By Vladimir Duthiers and Teo Kermeliotis, CNN
August 23, 2012 -- Updated 1107 GMT (1907 HKT)
The set of
The set of "Journey to Self," a new Nollywood movie about the friendship and hardship of four women.
STORY HIGHLIGHTS
  • Nollywood produces more than 1,000 movies a year
  • Some Nigerian movies are now winning budgets of millions of dollars
  • Insiders say that audiences can relate to the movies' stories
  • They add, however, that funding remains a major issue

(CNN) -- Nollywood, Nigeria's booming film industry, has grown in recent years into a mighty movie-making machine, capturing audiences with its universal themes and strong narratives of urban culture.

The mega industry, one of Nigeria's biggest employers, has been notorious for churning out more than 1,000 typically low-budget films a year, fusing a wide array of stories ranging from romance and drama to comedy and witchcraft.

It is currently the third-largest producer of feature films in world, ranking behind only Hollywood in the U.S. and India's Bollywood revenue.


But while the industry gets bigger, insiders say Nollywood has remained true to its recipe for success -- its connection with the audience.

Nigerian director Lancelot Imasuen, who is currently working on a $2 million film called "Invasion 1987," says Nollywood movies are made for Nigerians and the rest of the continent.

"People get in touch with [Nollywood's] direct realism," says Imasuen. "People are getting more and more interested, more and more involved in our productions because they can feel the pains, they can feel the excitement, it's so real to them."

Read more: Nigerian blockbusters for the internet generation

Imasuen, a pioneering filmmaker with more than 10 years of experience, says that Nollywood's themes strike a familiar chord with the audience making them feel part of the stories.

And that, he says, is the industry's big advantage compared to the competition posed by Hollywood productions.

"For us in Africa, we just get entertained by American films," says Imasuen. "When I'm watching Spiderman or Batman and all that, its just for spectacle. I'm just having fun because I know its not realistic for the guy just to fly here and there -- there is nothing that relates to us as individuals."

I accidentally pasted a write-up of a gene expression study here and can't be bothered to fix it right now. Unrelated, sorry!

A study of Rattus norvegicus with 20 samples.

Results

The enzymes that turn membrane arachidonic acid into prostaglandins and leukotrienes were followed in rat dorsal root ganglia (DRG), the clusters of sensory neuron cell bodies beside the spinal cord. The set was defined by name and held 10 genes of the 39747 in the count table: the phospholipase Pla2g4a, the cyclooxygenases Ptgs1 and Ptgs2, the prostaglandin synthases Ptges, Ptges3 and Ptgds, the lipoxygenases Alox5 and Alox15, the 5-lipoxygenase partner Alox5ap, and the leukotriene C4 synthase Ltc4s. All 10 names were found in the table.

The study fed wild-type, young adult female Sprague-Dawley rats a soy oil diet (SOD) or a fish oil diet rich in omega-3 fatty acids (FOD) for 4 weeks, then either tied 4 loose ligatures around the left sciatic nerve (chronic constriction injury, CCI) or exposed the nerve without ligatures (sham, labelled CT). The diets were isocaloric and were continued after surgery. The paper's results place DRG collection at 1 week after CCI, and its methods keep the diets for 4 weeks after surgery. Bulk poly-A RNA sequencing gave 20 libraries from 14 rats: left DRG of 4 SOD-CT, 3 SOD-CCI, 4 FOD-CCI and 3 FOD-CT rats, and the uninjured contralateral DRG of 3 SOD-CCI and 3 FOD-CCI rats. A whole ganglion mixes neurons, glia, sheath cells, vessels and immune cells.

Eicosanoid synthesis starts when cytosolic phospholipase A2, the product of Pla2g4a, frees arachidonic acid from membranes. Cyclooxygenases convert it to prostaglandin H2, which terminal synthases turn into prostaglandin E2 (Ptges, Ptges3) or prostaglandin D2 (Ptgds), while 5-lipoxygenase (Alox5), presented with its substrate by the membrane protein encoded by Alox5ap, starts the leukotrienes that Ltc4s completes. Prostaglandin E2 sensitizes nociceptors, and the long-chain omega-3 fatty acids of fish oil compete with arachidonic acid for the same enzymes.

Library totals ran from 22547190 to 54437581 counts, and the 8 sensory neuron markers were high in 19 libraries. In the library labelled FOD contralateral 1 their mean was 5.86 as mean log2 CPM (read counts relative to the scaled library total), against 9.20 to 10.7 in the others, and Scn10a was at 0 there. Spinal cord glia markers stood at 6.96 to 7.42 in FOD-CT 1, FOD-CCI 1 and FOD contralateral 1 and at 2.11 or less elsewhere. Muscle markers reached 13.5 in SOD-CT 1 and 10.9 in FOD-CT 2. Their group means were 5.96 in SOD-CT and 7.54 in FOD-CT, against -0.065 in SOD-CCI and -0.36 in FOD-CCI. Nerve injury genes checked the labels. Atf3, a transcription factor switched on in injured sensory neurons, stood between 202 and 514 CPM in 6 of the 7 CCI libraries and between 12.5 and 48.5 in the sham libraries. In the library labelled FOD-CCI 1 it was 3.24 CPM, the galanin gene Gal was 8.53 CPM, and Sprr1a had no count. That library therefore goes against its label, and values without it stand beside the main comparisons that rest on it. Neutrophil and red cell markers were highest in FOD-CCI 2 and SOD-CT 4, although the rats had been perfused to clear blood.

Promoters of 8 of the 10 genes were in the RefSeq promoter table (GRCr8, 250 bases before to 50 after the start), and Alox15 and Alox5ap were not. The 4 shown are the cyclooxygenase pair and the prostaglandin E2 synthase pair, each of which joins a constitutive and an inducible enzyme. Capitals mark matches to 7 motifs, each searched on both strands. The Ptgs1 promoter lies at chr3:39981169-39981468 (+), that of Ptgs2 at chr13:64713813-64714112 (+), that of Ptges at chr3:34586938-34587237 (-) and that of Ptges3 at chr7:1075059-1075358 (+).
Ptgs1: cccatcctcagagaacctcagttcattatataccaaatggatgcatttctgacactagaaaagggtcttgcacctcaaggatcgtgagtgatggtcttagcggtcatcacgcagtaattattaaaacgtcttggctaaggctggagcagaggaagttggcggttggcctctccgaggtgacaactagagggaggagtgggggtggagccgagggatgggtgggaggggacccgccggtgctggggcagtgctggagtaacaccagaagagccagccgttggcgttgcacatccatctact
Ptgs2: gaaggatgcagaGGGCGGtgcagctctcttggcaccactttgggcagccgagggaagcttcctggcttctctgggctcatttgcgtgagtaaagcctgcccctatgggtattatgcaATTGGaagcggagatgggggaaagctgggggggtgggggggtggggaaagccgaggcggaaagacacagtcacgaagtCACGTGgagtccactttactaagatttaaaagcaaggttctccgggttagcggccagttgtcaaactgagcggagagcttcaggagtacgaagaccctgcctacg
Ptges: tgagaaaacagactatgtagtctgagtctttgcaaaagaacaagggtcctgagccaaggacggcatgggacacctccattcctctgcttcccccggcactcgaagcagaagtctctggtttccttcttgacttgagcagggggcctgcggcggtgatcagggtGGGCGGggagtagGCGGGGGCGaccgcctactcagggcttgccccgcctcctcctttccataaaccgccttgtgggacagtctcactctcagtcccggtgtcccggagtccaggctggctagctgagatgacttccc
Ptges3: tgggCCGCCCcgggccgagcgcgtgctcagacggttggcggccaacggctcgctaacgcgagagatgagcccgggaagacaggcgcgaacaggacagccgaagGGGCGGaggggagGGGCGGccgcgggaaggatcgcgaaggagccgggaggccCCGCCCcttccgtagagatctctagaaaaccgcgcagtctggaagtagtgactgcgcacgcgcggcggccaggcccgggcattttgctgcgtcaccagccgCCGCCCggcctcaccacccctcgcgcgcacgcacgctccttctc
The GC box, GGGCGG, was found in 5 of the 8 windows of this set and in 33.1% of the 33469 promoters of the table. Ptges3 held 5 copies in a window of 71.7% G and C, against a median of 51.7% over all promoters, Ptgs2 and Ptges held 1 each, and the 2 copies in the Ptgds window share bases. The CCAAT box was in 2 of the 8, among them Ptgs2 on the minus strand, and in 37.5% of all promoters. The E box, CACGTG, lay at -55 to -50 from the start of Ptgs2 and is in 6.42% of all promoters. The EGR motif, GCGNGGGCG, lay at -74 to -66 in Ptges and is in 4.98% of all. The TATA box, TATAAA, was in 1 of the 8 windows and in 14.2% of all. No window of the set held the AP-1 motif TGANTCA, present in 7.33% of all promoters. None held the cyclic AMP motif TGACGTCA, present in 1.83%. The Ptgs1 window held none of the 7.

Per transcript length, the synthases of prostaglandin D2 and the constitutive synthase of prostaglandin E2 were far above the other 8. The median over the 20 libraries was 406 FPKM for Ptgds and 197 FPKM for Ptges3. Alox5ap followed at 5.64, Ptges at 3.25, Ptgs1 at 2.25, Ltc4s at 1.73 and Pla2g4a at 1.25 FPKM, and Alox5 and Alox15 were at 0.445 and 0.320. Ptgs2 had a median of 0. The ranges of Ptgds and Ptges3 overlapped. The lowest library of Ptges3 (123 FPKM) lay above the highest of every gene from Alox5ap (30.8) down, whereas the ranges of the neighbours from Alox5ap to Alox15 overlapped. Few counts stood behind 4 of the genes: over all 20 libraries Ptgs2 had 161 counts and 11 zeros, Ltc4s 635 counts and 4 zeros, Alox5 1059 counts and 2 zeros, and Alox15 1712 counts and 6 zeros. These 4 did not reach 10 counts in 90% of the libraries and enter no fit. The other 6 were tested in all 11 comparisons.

Read more: 'New Nigeria Cinema' sparks Nollywood renaissance

Known in Nollywood's circles as "The Governor," Imasuen is one of the most sought after names in Nigerian filmmaking -- he once directed 29 movies in just one year, 27 of which were big hits.

People are getting more and more interested because they can feel the pains, they can feel the excitement, it's so real to them.
Lancelot Imasuen, director

"That's my job, that's the never say die spirit of the Nigerian man," he explains.

"If you can't get it this way, you have to do it this way and so I tried to do right. And for me that was a great challenge and when you're good at what you're doing, there is a tendency that people call you to do more," adds Imasuen.

Read more: Exhibition shows off the art of Nollywood

"And before you know it, you don't have time to even lie on your bed for 30 days or 365 days of the year."

In fact, it is the hard work and dedication of people like Imasuen that have helped Nollywood to grow and become a thriving industry in the last two decades

"If you spend any time in Nigeria, it is difficult to come across a person who hasn't heard of Nollywood," says Jason Njoku, founder of iROKO Partners, an internet company that distributes Nollywood films to online viewers across the world.

"But at the same time, the pan-African nature of it -- from the Kenyans to the Ghanaians to Gambians to people in the DRC -- there's a massive base of people who really love this content."

The thriving industry is constantly attracting new talents -- aspiring film stars looking to follow in the steps of already established Nollywood names.

Read more: Genevieve Nnaji: Nollywood's Julia Roberts

One up-and-coming actress is Uru Eke, a newer face in Nollywood who has followed an unconventional path to stardom.

Born in the UK, Eke went to university and began a career in information technology that lasted for five years before deciding to pursue her lifelong dream of becoming an actress in Nigeria.

Eke, who is among the stars of Nollywood's latest hit movie "Last flight to Abuja," says her goal is to become one of the top names in the industry.

"I'm working hard and I'm very hopeful, it's just the positive attitude and the strength that I have to get there," she says. "Nigeria is by no means the easiest place to start a business or a career, but I think it's the tenacity, the spirit to succeed despite the odds, that can always drive you to reach your goal, actualize your dream. So with that spirit that I have, I know the sky's my limit."

Going forward, Imasuen says that raising funds to develop story ideas and train new talents is still one of Nollywood's biggest challenges.

"The intellect, the inspiration, the creativity, they all abound, but the truth of the matter is the challenges almost exceeds the goodness," he says.

But despite all the difficulties, Imasuen says that he and his peers will continue doing what they love in order to help Nollywood grow even further.

"We've been able to build a profile over the years," he says. "We're ready for the change, we're ready for the time and we still want to maintain the Nigerian way of making film, but globalizing it."